Though quitting an addictive substance is one of the best things you can do for your physical and mental health, it can also come with some serious mental and physical health risks along with being overwhelmingly unpleasant. Here are a few signs that it may be time to seek medical or psychiatric help for your severe withdrawal symptoms, or to seek help for someone that you are worried about who you observe experiencing them.

1. You Are Beginning A Detox From Benzodiazepines Or Alcohol

While the abuse of many different drugs can lead to dangerous withdrawal symptoms, only a few substances are widely known to regularly lead to symptoms that may actually be life-threatening, which are benzodiazepines, alcohol and barbiturates—though barbiturates are now uncommonly prescribed because their medical use has largely been replaced with benzodiazepine use.

Both of these drugs are depressants that act on GABA, a neurotransmitter that calms down the brain. But when your brain and body gets used to the presence of these depressants, suddenly removing them from your system might push you into a dangerously keyed up state. If you have been regularly taking benzodiazepines and alcohol at a sufficiently high dosage that you feel physically dependent on the substances, it may be wise to seek medical guidance before beginning a detox. 

2. You Are Showing Signs Of Delirium Tremens

If you have begun showing symptoms of delirium tremens, a dangerous condition that is sometimes associated with alcohol withdrawal, you need to seek medical help immediately for this potentially fatal condition. Though it is relatively rare, with only 3 to 5 percent of the half of alcoholics who experience withdrawal symptoms having symptoms that elevate to delirium tremens, it is also highly dangerous, killing between 15 and 40 percent of its sufferers without treatment. 

Symptoms include seizures, extreme confusion, nightmares, hallucinations, fever, sweating, and elevated heart rate and blood pressure. A condition involving similar symptoms and risks is also sometimes associated with benzodiazepine withdrawal, but ironically enough, delirium tremens is usually treated with benzodiazepines, which are then tapered off as is appropriate in a medically supervised setting. 

3. You Are Experiencing Severe Nausea And Vomiting

Nausea, diarrhea and vomiting can be associated with withdrawal from many different drugs, including the aforementioned alcohol and benzodiazepines as well as opiate drugs like heroin, which are also known to be on the more severe end of the spectrum as far as withdrawal symptoms. If these symptoms are present to a high enough degree that you are unable to replenish the fluids that you are losing, they can cause dehydration, or may be so intense that you choke on your own vomit and asphyxiate. 

In a hospital setting, these symptoms can be treated with measures like anti-nausea drugs or intravenous hydration. Signs of dehydration include thirst, fatigue, disorientation, discomfort, headaches, loss of appetite, low urine volume, purple fingernails, and seizures.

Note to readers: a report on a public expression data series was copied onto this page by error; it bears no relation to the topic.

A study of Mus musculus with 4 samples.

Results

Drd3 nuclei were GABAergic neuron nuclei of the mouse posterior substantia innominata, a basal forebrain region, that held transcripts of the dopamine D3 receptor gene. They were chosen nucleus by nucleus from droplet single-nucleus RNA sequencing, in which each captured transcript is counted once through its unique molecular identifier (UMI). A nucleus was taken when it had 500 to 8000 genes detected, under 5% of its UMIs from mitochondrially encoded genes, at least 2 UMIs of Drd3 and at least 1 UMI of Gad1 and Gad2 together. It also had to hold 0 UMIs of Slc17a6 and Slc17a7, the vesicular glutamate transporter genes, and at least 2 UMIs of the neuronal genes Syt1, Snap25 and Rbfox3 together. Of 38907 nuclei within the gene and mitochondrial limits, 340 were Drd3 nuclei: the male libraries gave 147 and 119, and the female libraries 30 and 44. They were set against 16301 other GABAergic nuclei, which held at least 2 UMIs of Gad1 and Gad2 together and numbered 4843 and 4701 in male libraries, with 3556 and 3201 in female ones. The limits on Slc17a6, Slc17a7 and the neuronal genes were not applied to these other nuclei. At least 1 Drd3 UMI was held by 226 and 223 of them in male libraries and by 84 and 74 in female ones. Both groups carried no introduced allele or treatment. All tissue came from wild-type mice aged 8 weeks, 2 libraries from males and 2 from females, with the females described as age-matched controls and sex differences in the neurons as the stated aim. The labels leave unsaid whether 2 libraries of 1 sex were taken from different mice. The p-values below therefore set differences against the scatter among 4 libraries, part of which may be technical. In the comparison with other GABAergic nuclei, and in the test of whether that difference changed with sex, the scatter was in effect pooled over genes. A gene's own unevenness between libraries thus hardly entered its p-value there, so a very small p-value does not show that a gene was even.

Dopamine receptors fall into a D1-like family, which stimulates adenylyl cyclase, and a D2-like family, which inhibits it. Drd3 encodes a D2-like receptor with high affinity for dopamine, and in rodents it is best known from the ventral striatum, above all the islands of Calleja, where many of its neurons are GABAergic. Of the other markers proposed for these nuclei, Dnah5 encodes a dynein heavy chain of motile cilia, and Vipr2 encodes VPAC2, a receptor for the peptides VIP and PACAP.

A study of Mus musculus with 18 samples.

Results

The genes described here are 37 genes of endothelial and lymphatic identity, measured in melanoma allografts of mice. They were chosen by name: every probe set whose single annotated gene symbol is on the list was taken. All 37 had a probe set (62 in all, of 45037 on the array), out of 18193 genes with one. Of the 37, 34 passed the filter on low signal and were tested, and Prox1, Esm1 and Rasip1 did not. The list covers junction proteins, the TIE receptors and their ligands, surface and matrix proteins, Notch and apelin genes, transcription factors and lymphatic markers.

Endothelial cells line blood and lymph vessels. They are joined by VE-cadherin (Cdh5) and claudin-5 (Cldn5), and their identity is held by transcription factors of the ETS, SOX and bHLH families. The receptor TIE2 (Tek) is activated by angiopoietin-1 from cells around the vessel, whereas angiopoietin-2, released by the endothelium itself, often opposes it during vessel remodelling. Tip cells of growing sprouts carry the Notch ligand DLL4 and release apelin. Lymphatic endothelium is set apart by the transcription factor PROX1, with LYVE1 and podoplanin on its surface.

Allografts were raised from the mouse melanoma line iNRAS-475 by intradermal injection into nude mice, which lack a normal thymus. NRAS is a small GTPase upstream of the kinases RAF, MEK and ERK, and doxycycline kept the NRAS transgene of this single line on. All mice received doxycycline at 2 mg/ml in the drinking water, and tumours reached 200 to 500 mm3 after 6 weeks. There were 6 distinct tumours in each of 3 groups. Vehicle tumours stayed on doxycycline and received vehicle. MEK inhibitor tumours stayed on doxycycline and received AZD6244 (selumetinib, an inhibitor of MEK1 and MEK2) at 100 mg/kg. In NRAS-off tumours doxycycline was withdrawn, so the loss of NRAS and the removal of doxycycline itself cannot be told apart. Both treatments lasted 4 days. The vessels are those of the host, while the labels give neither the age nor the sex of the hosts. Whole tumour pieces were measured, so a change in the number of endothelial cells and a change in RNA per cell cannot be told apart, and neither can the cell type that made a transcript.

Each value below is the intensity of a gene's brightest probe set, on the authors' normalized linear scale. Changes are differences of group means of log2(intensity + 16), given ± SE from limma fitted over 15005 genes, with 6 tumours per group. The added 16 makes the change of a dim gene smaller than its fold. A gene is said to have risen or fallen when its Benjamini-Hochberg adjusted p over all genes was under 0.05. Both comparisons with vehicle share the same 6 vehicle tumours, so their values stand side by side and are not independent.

4. You Are Considering Suicide

Though the physical dangers of severe substance withdrawal are nothing to sneeze at, the psychological dangers of withdrawal can also be devastating enough to require professional intervention. Withdrawal from stimulant drugs can provoke a severe depression that, in the worst instances, may lead to suicidality, or provoke a suicide attempt if the person is unable to get their fix.

Similarly, opioid withdrawal has been repeatedly described by patients as so severe that they “felt like they were dying” or “wanted to die,” and withdrawal from many other drugs can provoke depressive symptoms. If you are feeling like you may be a danger to yourself while withdrawing from an addictive substance, or if you observe someone who is making suicidal threats or gestures while in the course of experiencing withdrawal symptoms, profesional help and, potentially, confinement in a safe psychiatric ward, is likely required. In severe cases, you always have the option of invoking the Baker Act to ensure that someone else who is acutely suicidal obtains the help they need. 

5. You Fear You May Relapse

Portrait of sad patient lying in hospital bed recovering after surgery. Hospitalized woman waiting getting healthcare doctor for medical recovery treatment in hospital ward

Even if you aren’t in any physical danger from your withdrawal symptoms, medical or psychiatric treatment may be able to make you more comfortable, thus increasing the chance that you will be able to stay sober, particularly if previous attempts to go “cold turkey” on your own have failed. And, if you relapse during withdrawal, you are at a particularly high risk of experiencing an overdose in your desperation to relieve withdrawal symptoms or because your body has become desensitized to your usual dose during your period of abstinence. 

Plus, not only will relapsing during withdrawal throw away all your hard work and send you back into the throes of addiction, the phenomenon of kindling that can occur with repeated withdrawals from alcohol means that any future attempts to get sober will be not only more unpleasant but more physically dangerous. On every withdrawal from alcohol following the initial one, symptoms are known to get more severe, which means that an alcoholic who initially only experiences only mild symptoms during alcohol withdrawal may eventually present with full-blown delirium tremens after repeated detoxifications. 

To learn more about addiction, withdrawal, and how you can safely detox or obtain professional drug rehabilitation services, feel free to call our team of experts anytime at (833) 489-5577 or to contact us online anytime here.